Please pardon the brief hiatus. To explain, the previous week only brought us a tiny trickle of titles, but this last has yielded a bountiful bevy of Indie games that deserve your time, attention and a tiny amount of your money. Let's do it!
Before we do though, it's time to give another shout-out to the Summer Uprising: the Indie showcase set to hit on August 22nd and provide an independent alternative to the Summer Of Arcade. Check out the details here - and prepare for a monstrous deluge of brilliant games!
We all know the formula. Kill bad guys, get loot, buy better gear, use it to kill more bad guys and so on and so forth. It's an age-old premise that has served us well for over thirty years... and Lootfest crunches the idea down into an attractive, hectic experience that's fun alone and devastatingly good fun with mates. A festival of loot, if you will.
As an action hero sworn to rid the lands of three evil lords, you'll set out through a massive tract of territory in search of their strongholds. However, you'll need better gear first, and luckily the map throngs with respawning enemies that will provide you with plentiful amounts of gold and ammunition. Farming foes for money, buying better gear and making longer forays away from the safe towns is an addictive ; made slick and accessible by responsive thumbstick control and two-button combat.
The simple combat system and attractive cubic voxel visuals are vaguely reminiscent of 3D Dot Game Heroes, which is undoubtedly a good thing. Fighting is as simple as running up to enemies and smacking them with your ludicrously massive sword or peppering them with arrows, leaving you free to concentrate on exploration and the acquisition of teh phat lootz. Lootfest is also graphically impressive, using colourful backdrops and blocks to create a truly memorable gameworld that's engaging to look at as well as play within.
And no, it hasn't "ripped off Minecraft" at all. Don't even start.
Lootfest is great fun as a solo endeavour, but you'll find the real flavour in its four-player cooperative mode. Though each player's view of the action is somewhat restictive (one of the necessary evils of splitscreen, I'm afraid), haring around the game world with a couch full of friends is as manic and rewarding as it gets. You'll find the action to be perfect as a breath of fresh air between shooters and racing games that's fun to come back to time and time again.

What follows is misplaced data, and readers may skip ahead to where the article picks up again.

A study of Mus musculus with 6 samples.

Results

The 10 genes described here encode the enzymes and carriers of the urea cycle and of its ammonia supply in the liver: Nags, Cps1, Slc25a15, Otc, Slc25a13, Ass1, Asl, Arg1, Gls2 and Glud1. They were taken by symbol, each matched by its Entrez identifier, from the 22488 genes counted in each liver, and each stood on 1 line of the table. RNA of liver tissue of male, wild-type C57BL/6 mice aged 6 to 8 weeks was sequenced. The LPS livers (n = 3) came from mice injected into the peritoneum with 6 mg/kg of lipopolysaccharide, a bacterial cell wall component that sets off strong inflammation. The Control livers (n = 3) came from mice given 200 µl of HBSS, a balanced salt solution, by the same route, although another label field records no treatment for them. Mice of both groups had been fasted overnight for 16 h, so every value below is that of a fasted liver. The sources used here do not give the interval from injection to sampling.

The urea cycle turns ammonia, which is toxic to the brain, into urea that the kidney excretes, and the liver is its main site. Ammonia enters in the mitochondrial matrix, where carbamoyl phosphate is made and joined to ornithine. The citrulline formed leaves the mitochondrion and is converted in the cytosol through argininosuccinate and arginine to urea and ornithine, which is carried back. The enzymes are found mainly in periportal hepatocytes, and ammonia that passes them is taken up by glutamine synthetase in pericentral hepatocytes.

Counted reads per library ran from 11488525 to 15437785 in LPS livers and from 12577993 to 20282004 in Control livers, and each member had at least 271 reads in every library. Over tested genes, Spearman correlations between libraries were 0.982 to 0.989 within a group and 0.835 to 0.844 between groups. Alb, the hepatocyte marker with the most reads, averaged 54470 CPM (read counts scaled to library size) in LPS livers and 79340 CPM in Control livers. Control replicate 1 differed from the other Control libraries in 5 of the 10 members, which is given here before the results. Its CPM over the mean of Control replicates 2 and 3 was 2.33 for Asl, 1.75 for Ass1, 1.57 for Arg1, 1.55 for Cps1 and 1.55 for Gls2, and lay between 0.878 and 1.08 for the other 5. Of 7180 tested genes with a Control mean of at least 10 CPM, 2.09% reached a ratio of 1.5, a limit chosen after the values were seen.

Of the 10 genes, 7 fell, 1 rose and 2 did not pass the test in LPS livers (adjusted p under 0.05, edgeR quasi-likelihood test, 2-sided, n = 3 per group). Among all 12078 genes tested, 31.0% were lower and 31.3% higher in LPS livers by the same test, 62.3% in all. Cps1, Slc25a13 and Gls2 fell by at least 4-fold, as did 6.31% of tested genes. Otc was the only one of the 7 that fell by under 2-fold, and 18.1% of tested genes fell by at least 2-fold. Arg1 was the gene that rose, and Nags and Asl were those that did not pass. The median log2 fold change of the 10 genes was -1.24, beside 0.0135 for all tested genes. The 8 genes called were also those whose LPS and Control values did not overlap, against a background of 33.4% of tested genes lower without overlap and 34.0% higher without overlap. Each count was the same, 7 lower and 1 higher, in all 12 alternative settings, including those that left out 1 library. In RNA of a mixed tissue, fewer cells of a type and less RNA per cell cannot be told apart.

Lootfest is a bite-sized slice of RPG heaven that's best enjoyed with some close friends after a long day. It may be short, but you'll be hard pressed to have more fun for 80 Microsoft Points.
Aliens VS Aliens
Developer: Fun Factory Entertainment
When is a third person shooter not a third person shooter? When it's a turn-based strategy game in disguise.
Aliens vs Aliens feels like a TPS. You'll control four alien tracker scouts using both sticks, navigating them through intricate maps and moving them into position to fire upon your vicious extraterrestrial enemies. However, each alien has a limited action bar that depletes as they move - and once you've successfully placed them all, your turn ends and the AI gets to have a go. Combat takes place automatically during the movement phase, which creates a nifty middle ground between engaging real-time thrills and cerebral grand strategy.
A detailed upgrade system underpins the action and provides an addictive hook; with several different weapons and character stat improvements available for purchase with awarded credits. And I'd be remiss if I didn't point out that the presentation is extremely competent and doubly impressive for an 80 Point price tag. It's certainly an acquired taste that only pays off after learning the ropes, however, so I'd highly recommend testing the trial to destruction before making your choice.
Aliens VS Aliens is a fun change of pace and an acquired taste that gets sweeter with time. Well worth checking out.
Block Vengeance Alpha
Developer: Boddicker Games
Ever since you (yes, you, dear reader) refused to buy their smashing space shooter ETMD, Boddicker Games have switched their focus from deep retro titles to shallow yet engaging diversions. Block Vengeance Alpha is their latest effort: a Breakout clone that challenges players to smash blocks with a ball. The twist is that, rather than passive pieces of masonry, these blocks are vicious psychopaths who want you dead - and gleefully bombard you with projectiles or attempt to crush you without warning. Balls are regenerated every few seconds and you're not punished for losing them, putting the focus on evasion and aggression rather than a desperate attempt to keep your spheres in play. 80 Points is a decent price for the content on offer here, though if you're seeking a throwaway diversion, you might be better off with 10 Amazingly Awful Games. Trust me, it doesn't live up to its name.
Or, you know, spend some points on ETMD and prove that lovingly-crafted shooters can make Boddicker Games some money!